Why should we worry so much about climate change?  What about countries that can’t afford to fight climate change?  What will it take to make the 2015 Paris Climate Conference (COP21) a success?
Andrew Steer, President and CEO of the World Resources Institute, brings us some answers in this video.

Why should we worry so much about climate change?

Climate change threatens to undermine almost all of the progress we’ve enjoyed, and it threatens poor people especially. So, agricultural yields in Africa could fall by 30%. More than a billion people could be affected by rising sea levels – mainly poor people in the cities of the developing world. And hundreds of millions of people will be threatened by extreme weather events, by typhoons and hurricanes. So we absolutely must address climate change as an urgent problem, because if we don’t, it will not only hurt people, but it will radically hurt our economy; it will undermine our productivity in a very drastic way.

 

What about countries that can’t afford to fight climate change?

Well, some people say, “We would love to address climate change, but we just can’t afford to; we’re going to have to wait until we have more resources.” Well, this is really a foolish thing to say. The evidence is very clear that whilst it does cost some money, it costs a lot more not to act on climate change. We should think of action on climate change not as a cost, but as an investment.  So, for example, investing in energy efficiency: it’s not free, but it pays back for itself within three or four years. Investing in more efficient cities, more compact cities… Investing in public transportation. It costs money, but it pays back incredibly quickly, not only in terms of the environment, but in terms of the economy because people get to work quicker and cities become more competitive. And so it’s true across the entire economic spectrum.

In rural areas, for example, there are 2 billion hectares today – twice the size of China – which are now degraded land. They used to be forests. They are not agriculture; they have almost no value it seems.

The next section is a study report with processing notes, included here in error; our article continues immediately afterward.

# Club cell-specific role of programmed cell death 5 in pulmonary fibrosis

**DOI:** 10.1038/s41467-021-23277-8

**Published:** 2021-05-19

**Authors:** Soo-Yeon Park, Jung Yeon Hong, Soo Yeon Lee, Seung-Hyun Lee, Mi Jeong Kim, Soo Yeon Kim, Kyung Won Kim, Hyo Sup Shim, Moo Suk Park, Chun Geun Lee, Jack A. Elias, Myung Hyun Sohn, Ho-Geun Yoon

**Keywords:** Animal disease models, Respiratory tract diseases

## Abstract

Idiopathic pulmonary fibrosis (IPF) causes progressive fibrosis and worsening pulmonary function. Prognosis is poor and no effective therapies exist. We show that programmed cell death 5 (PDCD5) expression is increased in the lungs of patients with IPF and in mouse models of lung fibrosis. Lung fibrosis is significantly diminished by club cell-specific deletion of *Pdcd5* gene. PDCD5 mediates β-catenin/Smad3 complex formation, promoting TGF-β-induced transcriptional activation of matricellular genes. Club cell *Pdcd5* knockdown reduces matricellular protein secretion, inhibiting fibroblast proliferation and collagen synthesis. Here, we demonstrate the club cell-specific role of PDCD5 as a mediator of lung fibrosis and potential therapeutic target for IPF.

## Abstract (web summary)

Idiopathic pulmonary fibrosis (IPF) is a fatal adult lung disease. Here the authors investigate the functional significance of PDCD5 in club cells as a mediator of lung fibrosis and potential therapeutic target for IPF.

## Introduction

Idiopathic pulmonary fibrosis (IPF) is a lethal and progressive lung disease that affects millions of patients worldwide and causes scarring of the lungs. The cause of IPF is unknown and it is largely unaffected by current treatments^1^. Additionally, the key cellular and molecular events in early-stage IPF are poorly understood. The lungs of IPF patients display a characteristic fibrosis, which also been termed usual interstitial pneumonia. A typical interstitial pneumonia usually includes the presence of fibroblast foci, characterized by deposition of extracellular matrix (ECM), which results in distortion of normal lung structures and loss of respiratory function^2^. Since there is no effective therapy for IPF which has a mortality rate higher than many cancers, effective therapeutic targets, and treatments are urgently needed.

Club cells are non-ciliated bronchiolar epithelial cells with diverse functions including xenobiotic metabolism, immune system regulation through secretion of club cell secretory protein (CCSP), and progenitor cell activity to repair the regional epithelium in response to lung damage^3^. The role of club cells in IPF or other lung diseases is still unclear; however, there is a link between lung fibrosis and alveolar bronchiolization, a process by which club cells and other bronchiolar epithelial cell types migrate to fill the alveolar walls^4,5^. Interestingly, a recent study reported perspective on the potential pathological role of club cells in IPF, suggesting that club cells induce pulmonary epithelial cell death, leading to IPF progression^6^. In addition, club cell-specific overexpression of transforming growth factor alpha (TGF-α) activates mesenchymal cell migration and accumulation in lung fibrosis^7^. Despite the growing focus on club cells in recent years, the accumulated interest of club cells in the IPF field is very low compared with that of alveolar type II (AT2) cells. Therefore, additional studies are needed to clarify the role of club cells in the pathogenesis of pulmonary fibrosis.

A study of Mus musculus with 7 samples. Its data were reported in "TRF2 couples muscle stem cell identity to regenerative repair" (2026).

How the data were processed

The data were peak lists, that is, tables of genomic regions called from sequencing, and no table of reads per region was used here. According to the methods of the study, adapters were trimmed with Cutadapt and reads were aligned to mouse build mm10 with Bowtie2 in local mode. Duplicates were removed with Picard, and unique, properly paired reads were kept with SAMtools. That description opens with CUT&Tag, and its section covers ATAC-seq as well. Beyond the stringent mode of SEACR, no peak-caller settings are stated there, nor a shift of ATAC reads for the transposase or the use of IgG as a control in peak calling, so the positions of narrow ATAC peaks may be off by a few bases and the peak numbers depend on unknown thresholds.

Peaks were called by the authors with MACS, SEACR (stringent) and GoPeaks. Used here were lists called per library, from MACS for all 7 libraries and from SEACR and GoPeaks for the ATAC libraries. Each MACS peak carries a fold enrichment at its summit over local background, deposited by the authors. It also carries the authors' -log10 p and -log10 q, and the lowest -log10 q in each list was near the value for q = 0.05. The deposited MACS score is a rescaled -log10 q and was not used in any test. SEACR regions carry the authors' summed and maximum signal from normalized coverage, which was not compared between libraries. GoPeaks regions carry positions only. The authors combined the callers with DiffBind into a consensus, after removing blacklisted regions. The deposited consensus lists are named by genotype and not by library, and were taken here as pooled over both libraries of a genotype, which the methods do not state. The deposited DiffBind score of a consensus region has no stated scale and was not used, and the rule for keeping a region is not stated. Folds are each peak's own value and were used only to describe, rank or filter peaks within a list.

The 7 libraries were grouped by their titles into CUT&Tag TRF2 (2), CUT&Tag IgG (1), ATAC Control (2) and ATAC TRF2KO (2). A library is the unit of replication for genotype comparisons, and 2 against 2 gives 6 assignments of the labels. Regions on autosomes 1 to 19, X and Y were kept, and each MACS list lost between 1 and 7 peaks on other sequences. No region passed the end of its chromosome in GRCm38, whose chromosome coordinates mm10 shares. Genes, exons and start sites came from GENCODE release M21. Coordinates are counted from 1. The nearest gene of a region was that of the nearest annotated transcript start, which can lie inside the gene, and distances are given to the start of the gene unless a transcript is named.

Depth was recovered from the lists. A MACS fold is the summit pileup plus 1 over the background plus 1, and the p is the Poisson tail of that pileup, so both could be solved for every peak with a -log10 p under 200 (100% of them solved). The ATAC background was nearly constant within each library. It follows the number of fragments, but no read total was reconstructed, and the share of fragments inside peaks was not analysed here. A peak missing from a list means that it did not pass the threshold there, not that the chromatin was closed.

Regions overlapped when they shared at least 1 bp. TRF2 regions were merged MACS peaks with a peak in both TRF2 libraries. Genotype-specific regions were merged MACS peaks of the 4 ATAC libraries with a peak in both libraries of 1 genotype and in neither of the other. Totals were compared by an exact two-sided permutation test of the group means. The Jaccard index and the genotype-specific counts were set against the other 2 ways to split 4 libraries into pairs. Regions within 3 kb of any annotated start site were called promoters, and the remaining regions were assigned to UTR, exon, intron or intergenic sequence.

And yet, if we could re-green just 150 million of those, that would bring $100 billion every year to poor people, and it would lower the carbon gap by almost one-fifth. And so we should think of this as an investment in the future. If we don’t act on climate change, our entire economic system is threatened.

 

What will it take to make the 2015 Paris Climate Conference (COP21) a success?

Well, first, I am very happy that France is the presidency for COP21, because this is difficult stuff. It is very difficult to get the politics and the finance right.

It requires a world-class foreign service that can really engage in the diplomacy.  It requires a deep, deep technical understanding of the issues. It also requires a development assistance, like the Agence Française de Développement, that really understands how developing and emerging countries are thinking. And it requires a vibrant civil society.

Now, what it will require, is that we are able to not only do the detailed, technical stuff, but we need to inspire the leaders of the world. They have got to understand that the future is at stake in a very big way. And they have got to understand that this is actually in the interest of their own citizens, to get a really strong deal. Many of the people who come to negotiate climate deals, year after year, at each COP, don’t come really with a fire in the belly that they need to get a deal.  They actually are not quite often acting in the interest of their own country.

So what France has to do, as the presidency, is change that dynamic. Inspire leaders that they absolutely need to get their entire cabinets, their entire leadership, all the ministers involved. Ministers of Finance, ministers of Planning, ministers of Agriculture, ministers of Energy, they all need to be saying to the minister of Environment, or the minister of Foreign Affairs, or whoever is going to negotiate, “Go there and get a really ambitious deal!”

Because I tell you, we could fail, and there may be no deal at all. And if there isn’t a deal, our grandchildren will never forgive us.